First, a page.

By Benjamin Yount

SPRINGFIELD — A new report says Illinois could gain as much as $8 billion by expanding taxes on services, but there is little support from either political party in Springfield for a grab for the money.

The Legislature’s Commission on Government Forecasting and Accountability took a look at how Illinois taxes services, everything from providing electricity and natural gas to cutting hair and lawns.

The report states that Illinois does not tax many services — only 17 — and that other states tax many more, the average is 56. COGFA’s analysis estimates that the state could generate between $4 billion and $8 billion if lawmakers were to expand the service tax base.

State Rep. Mike Tryon, R-Crystal Lake, said that’s not going to happen. Tryon said he doesn’t know many Democrats in Springfield, and even fewer Republicans, who would vote for another tax increase. He said passing the 67-percent personal income tax hike earlier this year has left a bad taste with many lawmakers.

“Are we the highest in sales tax, are we the highest in property tax, now we’re midway in income tax, and then be the highest in services taxes?” Tryon asked. “We’re building a government we can’t afford.”

But it’s not just the GOP that is reluctant to talk taxes again. State Rep Elaine Nekritz said few Democrats want to fight that fight again.

“I think that another tax discussion has almost a zero likelihood of happening,” she said. “That being said, the only scenario which I could see (a service tax hike) is if we were to roll back part of the income tax increase and move to a broader sales tax base.”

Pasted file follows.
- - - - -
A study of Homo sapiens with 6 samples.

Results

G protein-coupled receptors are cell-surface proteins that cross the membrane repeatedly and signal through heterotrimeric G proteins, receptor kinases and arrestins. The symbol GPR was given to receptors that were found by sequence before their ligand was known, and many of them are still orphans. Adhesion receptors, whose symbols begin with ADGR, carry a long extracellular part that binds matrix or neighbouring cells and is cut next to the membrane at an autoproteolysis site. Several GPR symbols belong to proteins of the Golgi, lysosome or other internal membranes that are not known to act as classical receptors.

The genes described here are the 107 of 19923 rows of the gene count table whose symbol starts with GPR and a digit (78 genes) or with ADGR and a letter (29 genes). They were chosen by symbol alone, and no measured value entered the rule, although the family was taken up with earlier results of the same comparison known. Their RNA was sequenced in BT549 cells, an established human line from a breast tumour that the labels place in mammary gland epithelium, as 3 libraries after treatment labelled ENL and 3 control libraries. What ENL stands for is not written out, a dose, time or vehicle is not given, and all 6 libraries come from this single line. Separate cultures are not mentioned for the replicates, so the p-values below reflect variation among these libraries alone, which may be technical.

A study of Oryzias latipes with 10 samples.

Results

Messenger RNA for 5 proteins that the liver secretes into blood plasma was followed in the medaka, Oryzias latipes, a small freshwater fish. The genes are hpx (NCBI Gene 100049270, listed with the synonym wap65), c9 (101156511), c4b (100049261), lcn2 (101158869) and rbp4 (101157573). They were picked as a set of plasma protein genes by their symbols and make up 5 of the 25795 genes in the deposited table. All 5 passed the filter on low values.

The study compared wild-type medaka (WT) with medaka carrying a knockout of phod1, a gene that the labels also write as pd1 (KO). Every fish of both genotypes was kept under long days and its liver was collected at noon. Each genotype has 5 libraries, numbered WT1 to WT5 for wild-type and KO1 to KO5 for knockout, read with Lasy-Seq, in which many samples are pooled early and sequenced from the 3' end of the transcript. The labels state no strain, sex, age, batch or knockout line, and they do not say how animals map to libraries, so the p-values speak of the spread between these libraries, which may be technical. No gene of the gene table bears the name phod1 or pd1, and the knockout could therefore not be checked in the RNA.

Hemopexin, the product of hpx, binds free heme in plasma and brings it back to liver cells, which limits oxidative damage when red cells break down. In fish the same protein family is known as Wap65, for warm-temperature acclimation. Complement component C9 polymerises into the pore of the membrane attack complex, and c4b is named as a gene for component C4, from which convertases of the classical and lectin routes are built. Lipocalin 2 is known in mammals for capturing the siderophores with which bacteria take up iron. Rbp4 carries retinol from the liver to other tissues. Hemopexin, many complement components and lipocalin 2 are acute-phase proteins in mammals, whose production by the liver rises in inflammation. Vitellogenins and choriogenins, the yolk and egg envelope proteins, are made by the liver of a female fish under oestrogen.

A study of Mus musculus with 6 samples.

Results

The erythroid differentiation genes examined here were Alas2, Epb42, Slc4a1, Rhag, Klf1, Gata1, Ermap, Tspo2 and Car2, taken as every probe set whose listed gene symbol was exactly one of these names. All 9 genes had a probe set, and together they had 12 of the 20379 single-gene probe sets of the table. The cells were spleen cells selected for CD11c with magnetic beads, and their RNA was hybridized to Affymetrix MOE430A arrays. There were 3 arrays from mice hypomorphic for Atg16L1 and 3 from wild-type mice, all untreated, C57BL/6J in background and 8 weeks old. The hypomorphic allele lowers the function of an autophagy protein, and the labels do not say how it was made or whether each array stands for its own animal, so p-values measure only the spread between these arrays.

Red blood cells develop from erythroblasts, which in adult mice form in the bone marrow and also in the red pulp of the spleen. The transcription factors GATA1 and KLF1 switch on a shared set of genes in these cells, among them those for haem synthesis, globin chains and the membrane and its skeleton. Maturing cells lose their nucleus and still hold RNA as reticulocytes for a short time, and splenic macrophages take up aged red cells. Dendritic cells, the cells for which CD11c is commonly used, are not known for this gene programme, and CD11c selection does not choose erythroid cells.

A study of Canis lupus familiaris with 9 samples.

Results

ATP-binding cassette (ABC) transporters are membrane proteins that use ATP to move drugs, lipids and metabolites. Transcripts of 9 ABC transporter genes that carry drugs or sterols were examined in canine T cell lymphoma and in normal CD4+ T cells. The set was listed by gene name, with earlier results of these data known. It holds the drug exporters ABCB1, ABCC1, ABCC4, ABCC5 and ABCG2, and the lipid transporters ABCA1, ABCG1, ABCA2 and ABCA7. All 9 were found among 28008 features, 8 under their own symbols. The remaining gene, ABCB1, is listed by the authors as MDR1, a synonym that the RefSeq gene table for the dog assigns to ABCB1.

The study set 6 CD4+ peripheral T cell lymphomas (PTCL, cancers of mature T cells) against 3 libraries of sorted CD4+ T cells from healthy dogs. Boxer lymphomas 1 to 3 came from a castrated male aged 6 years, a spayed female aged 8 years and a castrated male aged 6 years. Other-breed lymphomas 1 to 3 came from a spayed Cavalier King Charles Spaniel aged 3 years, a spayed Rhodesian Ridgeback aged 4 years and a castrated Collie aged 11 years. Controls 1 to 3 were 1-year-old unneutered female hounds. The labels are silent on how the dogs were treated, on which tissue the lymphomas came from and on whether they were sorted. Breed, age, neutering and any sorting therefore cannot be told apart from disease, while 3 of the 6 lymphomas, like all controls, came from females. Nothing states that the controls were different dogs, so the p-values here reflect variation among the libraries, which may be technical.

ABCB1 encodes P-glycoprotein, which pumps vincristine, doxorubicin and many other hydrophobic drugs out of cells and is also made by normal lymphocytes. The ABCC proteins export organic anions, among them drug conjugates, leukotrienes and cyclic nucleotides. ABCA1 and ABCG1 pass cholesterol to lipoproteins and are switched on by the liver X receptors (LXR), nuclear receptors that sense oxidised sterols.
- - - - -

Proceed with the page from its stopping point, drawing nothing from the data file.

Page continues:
Nekritz said the next realistic, and politically viable, chance to talk about taxes will come in four years when future lawmakers will have to decide whether to make this year’s income tax increase permanent.

Ralph Martire with the Center for Tax and Accountability said many states have already looked at service taxes, and Illinois will likely have to do the same. Martire said Illinois’ economy has changed, but the tax code has not.

“We tax the sale of products .. .back in 1965 the sale of products was 32 percent of all economic activity in Illinois,” he said. “Today that has declined to 12 percent.”

In the same period, services in Illinois have jumped from 35 percent of the economy to more than 60 percent.

Martire makes no secret of the fact that he’d like to see a service tax increase or expansion, but critics said that he’s calling for more taxes and not enough spending controls.

Tryon said Illinois just raised $6.7 billion from the personal and corporate income taxes. Some of that money either will go to reduce the state’s deficit or to pay Illinois’ massively underfunded pensions.

“I’m not looking at putting more tax burden on Illinoisans,” Tryon said. “I believe the way to turn our economy around is by creating jobs. And you don’t do that by raising taxes. You do that by providing a platform for a consumer-driven market to flourish.”

Tryon said that unless lawmakers stop spending, adding new taxes is not going to solve the state’s budget problems.

But Nekritz said pointing the finger at spending is not telling the the whole story.

“I think for the GOP to say we’re willing to cut $7 (billion) to $8 billion from (the budget) … is a little bit disingenuous,” Nekritz said.

Kelly Kraft with Gov. Pat Quinn’s budget office said the whole story is complicated when all of the state’s taxes are taken into consideration. She said the situation is also ever-changing.

“Obviously there are many considerations to take into account when contemplating taxing services, and we will continue to hear arguments for and against the idea,” Kraft said.

The report from COGFA does not advocate for or against a service tax increase or expansion. But the report does highlight issues that lawmakers may face if they choose to take on service taxes.